Published May 11, 2017 by 100TB Team

Greg Linden, a former software engineer at Amazon, once said that every 100ms of latency cost the internet giant 1% in sales. Amazon in 2016 made net sales of $136 billion, that means that just 100 ms of latency could have cost the business $1.36 billion. Those milliseconds count.



Are your response times destroying your business?

It is also worth considering that since 2010 Google has placed a lot of emphasis on the speed at which a website loads when considering how to rank it. This could be carried out in a number of ways, it could be a straight up analysis of how quickly a website responds to requests, but it could also take into consideration bounce rates of a given site.

It is a well received sentiment that a slow loading site will result in people bouncing off it and back to the search results. Google looks at this carefully as it sees a bounce as a bad user experience and will penalize a site accordingly. So not only will users be switching off from a site if it doesn’t load quickly but Google will actively reduce its search visibility if this is the case.

Ignore latency at your peril.


Affecting Latency For Ecommerce

There are many incremental changes a webmaster can make to give the appearance of a faster site, but latency is at the top of the site speed food chain. A webmaster can look at dynamically loading imagery to give the semblance of faster loading. They can look at caching which will effectively cut load times for return visitors, or they could look at streamlining the plugins their site uses as loading these can seriously hinder the speed at which a website loads. But each of these issues all eventually lead back to the speed at which a site can deliver data to the end user. To effectively decrease that a webmaster must look at latency.

There is an eternal trade-off between a stunning website and the speed at which it loads. As developers and designers of websites, it is easy to overlook page load times in favor of a visually pleasing website. But a website is a developer’s hard work, and they’re often willing to ignore its shortcomings. Unfortunately, a user is less likely to do so, particularly when it comes to loading times.

One of the most effective ways of dealing with latency is to look at where the website is hosted. Consider first and foremost where your consumer is. If they live in the UK it is important to ensure that your website is hosted in the UK. This will reduce the distance data needs to be sent and can see noticeable reductions in latency. If you’re in the market for a scalable and reactive ecommerce infrastructure, check out the 100TB ecommerce services.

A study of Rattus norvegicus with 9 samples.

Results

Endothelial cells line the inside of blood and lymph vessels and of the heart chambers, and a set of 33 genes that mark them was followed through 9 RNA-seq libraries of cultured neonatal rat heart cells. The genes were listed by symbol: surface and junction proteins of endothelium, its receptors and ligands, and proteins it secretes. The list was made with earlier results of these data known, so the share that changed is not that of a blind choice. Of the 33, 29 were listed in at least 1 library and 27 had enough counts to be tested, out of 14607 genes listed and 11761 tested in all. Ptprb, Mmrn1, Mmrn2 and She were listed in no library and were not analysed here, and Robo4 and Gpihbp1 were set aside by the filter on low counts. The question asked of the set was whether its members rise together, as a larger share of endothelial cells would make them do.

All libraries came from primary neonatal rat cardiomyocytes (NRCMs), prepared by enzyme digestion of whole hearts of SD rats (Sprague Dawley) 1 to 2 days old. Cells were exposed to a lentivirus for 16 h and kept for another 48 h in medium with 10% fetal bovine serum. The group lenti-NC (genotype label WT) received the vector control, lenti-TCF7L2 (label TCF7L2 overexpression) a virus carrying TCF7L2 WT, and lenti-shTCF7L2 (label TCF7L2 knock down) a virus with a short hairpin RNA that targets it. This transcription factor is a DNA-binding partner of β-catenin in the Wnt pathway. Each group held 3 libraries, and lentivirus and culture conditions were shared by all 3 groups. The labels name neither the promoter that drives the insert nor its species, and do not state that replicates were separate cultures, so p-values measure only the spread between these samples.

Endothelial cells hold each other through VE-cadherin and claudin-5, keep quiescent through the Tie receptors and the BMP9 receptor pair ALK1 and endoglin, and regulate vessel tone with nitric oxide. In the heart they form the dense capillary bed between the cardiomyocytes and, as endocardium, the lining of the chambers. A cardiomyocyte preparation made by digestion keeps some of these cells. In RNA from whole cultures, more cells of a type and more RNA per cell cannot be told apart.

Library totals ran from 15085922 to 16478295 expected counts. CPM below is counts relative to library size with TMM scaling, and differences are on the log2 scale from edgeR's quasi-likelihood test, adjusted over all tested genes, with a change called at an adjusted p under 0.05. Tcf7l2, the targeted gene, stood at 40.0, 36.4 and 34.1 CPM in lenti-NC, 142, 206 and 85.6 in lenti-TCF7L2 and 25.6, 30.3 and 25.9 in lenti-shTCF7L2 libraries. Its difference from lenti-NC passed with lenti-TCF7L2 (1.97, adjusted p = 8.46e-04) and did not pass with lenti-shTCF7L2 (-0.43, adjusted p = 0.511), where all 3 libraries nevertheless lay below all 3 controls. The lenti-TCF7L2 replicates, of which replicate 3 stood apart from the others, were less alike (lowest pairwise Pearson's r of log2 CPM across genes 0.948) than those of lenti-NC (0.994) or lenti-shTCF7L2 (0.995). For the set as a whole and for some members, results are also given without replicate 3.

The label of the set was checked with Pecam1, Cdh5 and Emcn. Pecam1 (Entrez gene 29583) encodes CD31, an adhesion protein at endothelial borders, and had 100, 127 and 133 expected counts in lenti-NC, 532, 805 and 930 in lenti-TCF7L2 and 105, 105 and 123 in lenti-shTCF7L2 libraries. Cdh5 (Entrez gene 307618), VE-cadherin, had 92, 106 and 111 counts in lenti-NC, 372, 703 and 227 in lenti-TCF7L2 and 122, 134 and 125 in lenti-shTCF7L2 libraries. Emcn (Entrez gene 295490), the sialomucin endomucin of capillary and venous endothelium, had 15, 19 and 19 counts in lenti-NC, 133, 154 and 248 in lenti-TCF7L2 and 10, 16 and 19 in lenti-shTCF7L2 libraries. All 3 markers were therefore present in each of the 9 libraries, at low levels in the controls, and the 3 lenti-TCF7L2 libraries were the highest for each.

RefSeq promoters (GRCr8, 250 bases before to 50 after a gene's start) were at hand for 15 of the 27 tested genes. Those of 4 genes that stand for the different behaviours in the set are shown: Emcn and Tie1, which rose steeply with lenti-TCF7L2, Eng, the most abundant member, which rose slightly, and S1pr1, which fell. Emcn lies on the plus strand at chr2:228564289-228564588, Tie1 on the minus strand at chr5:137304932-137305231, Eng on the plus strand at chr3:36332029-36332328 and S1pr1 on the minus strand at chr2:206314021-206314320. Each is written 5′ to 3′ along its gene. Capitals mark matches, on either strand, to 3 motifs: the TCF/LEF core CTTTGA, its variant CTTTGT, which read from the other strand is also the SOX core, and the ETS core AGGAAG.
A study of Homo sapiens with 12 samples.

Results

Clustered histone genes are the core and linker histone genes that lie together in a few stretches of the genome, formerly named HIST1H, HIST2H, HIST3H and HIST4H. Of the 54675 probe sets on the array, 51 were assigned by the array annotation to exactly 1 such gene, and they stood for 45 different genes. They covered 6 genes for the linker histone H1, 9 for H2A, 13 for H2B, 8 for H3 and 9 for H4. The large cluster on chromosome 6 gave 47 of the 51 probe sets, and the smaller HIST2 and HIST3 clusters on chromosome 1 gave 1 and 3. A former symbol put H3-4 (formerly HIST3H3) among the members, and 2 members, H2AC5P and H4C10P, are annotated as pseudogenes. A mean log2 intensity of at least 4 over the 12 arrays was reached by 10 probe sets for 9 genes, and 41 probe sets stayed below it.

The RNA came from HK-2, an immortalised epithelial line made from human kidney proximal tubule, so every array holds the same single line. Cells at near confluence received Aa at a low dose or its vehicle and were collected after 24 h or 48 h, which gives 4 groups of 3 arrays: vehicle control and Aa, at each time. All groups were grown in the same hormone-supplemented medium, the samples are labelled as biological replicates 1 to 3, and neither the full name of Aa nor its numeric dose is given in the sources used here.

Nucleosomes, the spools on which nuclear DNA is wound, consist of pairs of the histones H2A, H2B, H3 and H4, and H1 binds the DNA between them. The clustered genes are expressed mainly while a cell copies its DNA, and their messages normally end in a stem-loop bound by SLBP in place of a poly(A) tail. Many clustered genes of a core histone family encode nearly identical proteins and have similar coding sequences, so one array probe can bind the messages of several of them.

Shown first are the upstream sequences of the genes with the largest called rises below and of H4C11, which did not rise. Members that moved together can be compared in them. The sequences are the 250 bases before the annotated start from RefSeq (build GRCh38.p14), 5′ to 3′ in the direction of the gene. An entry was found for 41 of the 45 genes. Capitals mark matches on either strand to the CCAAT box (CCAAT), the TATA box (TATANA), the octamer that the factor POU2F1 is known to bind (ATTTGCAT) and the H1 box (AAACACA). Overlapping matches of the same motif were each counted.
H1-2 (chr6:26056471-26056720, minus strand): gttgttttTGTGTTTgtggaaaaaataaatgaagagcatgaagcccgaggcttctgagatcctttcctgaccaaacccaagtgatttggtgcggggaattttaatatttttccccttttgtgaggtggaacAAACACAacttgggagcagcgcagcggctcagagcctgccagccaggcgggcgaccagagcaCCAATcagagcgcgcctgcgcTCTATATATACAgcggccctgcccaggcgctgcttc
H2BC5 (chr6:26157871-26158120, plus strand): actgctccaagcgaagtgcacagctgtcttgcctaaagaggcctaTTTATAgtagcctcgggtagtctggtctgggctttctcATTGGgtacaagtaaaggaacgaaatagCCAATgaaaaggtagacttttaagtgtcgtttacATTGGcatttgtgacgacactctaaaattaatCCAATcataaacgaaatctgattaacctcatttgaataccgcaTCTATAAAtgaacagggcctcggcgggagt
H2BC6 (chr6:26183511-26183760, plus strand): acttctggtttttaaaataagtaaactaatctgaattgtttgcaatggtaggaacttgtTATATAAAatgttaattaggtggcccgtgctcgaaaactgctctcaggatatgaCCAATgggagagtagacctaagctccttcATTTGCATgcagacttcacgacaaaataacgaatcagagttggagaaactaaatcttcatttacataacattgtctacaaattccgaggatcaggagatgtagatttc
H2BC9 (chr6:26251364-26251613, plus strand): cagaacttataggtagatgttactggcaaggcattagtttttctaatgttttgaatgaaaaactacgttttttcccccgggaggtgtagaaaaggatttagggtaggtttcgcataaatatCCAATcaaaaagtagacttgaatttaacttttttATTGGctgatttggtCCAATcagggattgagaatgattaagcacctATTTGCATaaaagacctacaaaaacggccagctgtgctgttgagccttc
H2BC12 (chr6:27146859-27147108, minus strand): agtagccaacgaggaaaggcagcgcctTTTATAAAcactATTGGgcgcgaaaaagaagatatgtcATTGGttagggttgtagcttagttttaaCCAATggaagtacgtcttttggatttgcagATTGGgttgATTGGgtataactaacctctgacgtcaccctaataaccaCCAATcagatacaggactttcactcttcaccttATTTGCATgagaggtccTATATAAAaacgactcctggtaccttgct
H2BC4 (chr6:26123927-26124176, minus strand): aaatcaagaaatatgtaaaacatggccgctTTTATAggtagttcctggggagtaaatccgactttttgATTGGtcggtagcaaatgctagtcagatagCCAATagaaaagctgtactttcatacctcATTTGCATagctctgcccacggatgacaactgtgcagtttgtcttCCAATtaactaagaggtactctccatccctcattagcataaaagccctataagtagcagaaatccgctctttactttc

Don’t rely on WordPress alone when dealing with e-commerce demands.

It is also important to consider the content management system (CMS) used for a given site. WordPress is widely regarded as the best ‘fits-all’ solution to a website. But this isn’t strictly true when it comes to ecommerce. WordPress is designed for a content based website, be that a blog or company site. But it doesn’t effectively handle the strains of ecommerce. For that task, the best CMS solution is Magento.

A webmaster should also look to minimize the amount of HTTP requests made. This means streamlining the elements on your website. The more times a site has to request information from its server, the longer it will take to load these elements. Reducing the number of elements and the size of these individual elements is a sure-fire way of increasing the speed of a site.

The importance of latency extends beyond just the world of gaming and has tangible and real world effects. To highlight this, take the Obama administration who were in 2011 seeking re-election. They claim that a reduction in page load times from five seconds to two seconds resulted in an increase in their re-election coffers of $34 million. Latency has real world consequences and webmasters will ignore it at their own financial detriment. Low latency means more money for your business.